Sierra winters do get a little rough

November 1940. “U.S. Mail truck used in snowy mountain sections of Nevada County, California”


  1. SAM says:

    “Neither snow nor rain nor heat nor gloom of night stays these couriers from the swift completion of their appointed rounds.”

  2. MW@Cairns says:

    Wow. Is that a setup?

  3. Critter says:

    We could use that at the hunting camp.

  4. Pointy End Out says:

    Isnt that what the Fred Astair character in that iconic animated Christmas special drives?

  5. California southpaw. says:

    Rugged individuals back then.
    I wonder how often those treads went astray.

  6. Gryphon says:

    Wonder if that was a Production Vehicle (Option) or an Aftermarket Half-Track Kit? (You can still get those today, BTW)
    Back before WWII, there were Truck Manufacturers that offered Factory-Equipped Trucks (some quite Large) as Halftracks, due to the poor condition of most Rural Roads. Aftermarket stuff was common too, I’ve seen at a Car Show a Ford TT (the One-Ton Pickup) that had a 2-Axle Kit.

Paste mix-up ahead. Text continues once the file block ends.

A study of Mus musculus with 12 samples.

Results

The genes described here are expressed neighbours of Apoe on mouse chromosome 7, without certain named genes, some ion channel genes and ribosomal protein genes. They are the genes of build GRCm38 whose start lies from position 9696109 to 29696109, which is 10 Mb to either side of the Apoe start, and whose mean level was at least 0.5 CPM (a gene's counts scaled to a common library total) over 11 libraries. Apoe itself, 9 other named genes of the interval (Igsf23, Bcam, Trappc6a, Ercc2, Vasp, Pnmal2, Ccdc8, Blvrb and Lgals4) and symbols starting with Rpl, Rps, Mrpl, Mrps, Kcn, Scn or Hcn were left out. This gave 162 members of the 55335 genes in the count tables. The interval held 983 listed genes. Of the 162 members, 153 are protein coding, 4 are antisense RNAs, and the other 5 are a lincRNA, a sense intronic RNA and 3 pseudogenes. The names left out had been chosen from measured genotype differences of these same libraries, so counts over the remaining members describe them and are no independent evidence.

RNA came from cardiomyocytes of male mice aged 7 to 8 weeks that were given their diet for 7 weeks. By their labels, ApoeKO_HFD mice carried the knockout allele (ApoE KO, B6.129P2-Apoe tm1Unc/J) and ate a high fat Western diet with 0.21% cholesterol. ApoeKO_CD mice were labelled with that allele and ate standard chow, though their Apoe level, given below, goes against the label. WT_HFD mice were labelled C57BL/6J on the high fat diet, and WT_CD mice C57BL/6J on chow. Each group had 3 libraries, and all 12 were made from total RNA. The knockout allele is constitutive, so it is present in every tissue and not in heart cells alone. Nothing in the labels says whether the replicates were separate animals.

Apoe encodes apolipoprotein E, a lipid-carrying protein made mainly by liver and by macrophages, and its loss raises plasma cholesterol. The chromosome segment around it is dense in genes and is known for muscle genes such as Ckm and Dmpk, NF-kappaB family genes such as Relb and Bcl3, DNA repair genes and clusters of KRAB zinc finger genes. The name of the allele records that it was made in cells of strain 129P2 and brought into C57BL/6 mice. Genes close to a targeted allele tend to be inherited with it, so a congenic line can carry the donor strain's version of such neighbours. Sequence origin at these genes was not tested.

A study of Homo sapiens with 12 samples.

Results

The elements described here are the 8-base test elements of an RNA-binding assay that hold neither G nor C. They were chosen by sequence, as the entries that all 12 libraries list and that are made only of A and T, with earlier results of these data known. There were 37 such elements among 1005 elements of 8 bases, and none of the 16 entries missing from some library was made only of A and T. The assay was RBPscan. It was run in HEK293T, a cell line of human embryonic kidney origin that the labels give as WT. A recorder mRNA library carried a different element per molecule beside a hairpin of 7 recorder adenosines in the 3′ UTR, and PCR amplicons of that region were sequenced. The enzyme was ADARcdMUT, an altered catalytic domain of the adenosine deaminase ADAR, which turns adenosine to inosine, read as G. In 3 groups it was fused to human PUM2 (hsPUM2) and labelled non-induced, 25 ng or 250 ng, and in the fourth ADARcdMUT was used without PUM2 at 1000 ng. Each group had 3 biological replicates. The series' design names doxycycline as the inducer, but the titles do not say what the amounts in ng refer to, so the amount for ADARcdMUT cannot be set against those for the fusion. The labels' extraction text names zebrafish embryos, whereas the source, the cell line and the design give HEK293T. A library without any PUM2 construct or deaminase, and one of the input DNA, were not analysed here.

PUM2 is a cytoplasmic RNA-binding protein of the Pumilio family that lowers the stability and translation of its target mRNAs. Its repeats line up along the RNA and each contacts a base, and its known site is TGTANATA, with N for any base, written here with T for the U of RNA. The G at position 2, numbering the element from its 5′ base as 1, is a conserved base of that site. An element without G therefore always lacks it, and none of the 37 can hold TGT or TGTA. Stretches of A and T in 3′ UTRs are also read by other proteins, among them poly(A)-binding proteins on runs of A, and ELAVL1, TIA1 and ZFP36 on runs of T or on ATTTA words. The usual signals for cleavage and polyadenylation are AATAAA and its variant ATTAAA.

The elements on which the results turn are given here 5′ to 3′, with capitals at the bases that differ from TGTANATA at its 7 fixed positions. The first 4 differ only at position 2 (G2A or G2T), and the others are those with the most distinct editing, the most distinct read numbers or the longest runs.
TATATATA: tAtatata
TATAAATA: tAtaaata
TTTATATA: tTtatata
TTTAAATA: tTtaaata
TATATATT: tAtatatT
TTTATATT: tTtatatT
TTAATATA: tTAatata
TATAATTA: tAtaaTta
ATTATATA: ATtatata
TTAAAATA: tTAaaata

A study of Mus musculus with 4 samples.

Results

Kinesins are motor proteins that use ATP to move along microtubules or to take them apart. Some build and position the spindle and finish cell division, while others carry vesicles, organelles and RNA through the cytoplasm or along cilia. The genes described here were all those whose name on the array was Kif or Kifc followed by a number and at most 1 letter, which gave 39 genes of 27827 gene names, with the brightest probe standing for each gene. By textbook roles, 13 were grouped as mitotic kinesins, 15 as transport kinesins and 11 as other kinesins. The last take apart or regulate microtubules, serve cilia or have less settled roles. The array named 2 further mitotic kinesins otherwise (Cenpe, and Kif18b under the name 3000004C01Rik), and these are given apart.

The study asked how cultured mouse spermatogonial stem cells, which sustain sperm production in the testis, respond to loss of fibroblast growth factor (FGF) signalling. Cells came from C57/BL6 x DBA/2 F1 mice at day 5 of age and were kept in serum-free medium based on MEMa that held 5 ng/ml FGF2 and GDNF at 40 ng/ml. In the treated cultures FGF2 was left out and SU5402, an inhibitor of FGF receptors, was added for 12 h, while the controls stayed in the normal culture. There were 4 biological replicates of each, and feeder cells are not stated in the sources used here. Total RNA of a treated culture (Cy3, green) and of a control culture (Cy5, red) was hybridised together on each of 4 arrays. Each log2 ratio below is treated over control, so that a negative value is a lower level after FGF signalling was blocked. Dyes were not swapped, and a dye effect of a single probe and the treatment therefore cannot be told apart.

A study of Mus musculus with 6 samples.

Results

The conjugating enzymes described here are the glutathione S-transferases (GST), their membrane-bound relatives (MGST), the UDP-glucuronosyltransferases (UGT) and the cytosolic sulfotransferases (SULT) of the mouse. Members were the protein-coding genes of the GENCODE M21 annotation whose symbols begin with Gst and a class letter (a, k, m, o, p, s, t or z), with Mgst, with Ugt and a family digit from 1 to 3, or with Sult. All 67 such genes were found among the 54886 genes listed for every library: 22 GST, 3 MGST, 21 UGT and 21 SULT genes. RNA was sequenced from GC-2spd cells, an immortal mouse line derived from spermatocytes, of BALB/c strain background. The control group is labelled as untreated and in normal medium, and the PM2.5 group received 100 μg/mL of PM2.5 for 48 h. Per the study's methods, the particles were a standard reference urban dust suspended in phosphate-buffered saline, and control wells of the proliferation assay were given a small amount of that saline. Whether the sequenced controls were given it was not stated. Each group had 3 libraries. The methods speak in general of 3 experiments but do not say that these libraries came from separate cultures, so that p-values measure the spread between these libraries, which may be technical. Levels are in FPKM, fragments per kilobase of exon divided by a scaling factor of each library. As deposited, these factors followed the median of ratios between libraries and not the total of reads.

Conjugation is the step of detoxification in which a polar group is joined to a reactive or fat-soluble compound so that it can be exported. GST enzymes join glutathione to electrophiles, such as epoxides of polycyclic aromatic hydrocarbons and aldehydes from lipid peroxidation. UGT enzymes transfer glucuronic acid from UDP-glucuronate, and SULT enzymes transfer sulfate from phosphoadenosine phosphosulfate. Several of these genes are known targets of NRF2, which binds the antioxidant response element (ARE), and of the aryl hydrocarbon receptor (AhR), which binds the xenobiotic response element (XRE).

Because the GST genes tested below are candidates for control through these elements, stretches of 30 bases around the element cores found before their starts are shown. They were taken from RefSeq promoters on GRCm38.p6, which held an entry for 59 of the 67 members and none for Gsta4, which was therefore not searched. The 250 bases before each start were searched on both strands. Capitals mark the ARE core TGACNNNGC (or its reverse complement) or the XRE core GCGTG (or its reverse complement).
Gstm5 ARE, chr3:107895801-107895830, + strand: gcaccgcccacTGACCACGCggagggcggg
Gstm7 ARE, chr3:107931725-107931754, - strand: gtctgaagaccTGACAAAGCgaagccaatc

7. Judy says:

    Had a great-uncle who delivered mail in Southern Colorado Rockies back about that era. I always wondered how he got from mailbox to mailbox in the winter time.

      • Peter Sanders says:

        Northern suburb of Atlanta back in the late 70s – rare snow day and the house down the street catches fire. Fire trucks all show up with chains on. Fire Chaplain shows up, without chains, driving his official red VW beetle.